Harris, C.S. Why Mermaids Sing. The third in Harris' Regency mysteries about Sebastien St.Cyr, Lord Devlin, Why Mermaids Sing continues with the events in Sebastien's personal life -- his knotty relationship with his father and his love affair with Kat Boleyn, an actress from a different social class entirely. When a magistrate asks Sebastien St. Cyr to aid in a murder investigation, Sebastien demurs. He discovers, however, that the image of the murdered eighteen-year-old young man bothers him, and he finds himself doing a little research almost without intention. Dominic Stanton is the second young man to have been gruesomely murdered, and from the nature of the wounds inflicted, Sebastien realizes that a message is being sent. And that there will most likely be more murders to come.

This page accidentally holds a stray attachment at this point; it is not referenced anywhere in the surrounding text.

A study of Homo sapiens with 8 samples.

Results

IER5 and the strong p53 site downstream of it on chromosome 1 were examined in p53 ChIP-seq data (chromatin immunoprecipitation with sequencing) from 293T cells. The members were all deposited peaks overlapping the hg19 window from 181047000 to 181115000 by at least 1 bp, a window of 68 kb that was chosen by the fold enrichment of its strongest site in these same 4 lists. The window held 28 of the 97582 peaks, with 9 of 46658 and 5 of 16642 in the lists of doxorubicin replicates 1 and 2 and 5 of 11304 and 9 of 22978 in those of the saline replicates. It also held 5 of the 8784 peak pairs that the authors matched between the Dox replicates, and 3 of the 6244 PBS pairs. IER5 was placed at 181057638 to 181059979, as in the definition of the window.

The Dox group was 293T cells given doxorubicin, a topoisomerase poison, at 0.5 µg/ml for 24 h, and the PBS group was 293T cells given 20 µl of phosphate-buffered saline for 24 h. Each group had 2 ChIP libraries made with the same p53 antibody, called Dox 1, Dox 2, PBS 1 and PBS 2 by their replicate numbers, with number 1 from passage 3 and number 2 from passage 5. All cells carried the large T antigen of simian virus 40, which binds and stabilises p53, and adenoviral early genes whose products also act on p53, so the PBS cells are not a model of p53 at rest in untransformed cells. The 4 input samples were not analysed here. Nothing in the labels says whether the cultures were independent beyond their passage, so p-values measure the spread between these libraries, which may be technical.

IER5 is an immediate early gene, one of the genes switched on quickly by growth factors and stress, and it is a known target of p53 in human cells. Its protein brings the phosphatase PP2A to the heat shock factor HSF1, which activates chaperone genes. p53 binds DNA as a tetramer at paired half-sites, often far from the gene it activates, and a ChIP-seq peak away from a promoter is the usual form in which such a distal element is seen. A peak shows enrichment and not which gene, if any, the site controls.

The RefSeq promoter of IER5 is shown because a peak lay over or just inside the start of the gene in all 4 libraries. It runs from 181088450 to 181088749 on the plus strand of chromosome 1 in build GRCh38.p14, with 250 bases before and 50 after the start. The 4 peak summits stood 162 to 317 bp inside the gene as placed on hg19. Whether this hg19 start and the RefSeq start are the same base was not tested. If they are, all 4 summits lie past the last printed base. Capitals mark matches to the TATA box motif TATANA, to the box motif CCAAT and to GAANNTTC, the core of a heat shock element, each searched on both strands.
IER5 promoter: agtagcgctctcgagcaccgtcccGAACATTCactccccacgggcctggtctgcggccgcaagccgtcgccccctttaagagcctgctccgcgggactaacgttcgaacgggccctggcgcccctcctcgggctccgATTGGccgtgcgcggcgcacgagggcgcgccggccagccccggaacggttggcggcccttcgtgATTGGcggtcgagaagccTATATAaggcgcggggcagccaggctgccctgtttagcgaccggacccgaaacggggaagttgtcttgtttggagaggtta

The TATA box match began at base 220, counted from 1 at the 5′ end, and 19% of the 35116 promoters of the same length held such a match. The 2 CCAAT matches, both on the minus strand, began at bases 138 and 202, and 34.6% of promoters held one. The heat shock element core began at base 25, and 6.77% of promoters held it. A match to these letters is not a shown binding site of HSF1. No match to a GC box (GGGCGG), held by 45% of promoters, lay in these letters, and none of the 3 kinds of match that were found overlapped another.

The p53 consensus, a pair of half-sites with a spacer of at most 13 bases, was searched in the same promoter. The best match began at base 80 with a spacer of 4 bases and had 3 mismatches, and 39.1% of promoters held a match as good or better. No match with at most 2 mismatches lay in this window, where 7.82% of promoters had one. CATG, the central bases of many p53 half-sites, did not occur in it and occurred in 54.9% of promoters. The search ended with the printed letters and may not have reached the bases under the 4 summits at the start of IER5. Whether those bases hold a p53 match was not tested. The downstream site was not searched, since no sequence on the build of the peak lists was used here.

I have a little trouble with the use of John Donne's Song: Go and Catch a Falling Star because Donne is one of my favorite poets, and I love this poem from that stage in his life when he was still something of a rake ("Donne spent much of his considerable inheritance on women, literature, pastimes, and travel" -- Wikipedia).
A metaphysical poet, Donne wrote a number of humorously satiric poems about love and women. Another of my favorites is The Flea, an attempt to persuade a woman to sleep with him. After his marriage and his conversion to the Church of England (an almost forced conversion) when he became a preacher, he wrote sincere love poems (my favorites in this category include A Valediction Forbidding Morning , a love poem to his wife and Death, Be Not Proud, one of his Holy Sonnets) and then there is his unforgettable sermon, Meditation 17 that has some of the most quoted lines in history: " no man is an island," "any man's death diminishes me," "never send to know for whom the bell tolls, it tolls for thee."
But I digress, aside from that the novel is a fast-moving bit of adventure with lots of intrigue and a bit of surprise at the end which will undoubtedly be picked up in the next in the series.
(I know Danielle has read some of this series...anyone else?)
Whew! I'm almost caught up with my reviews.
Fiction. Historical mystery. 2007. 342 pages.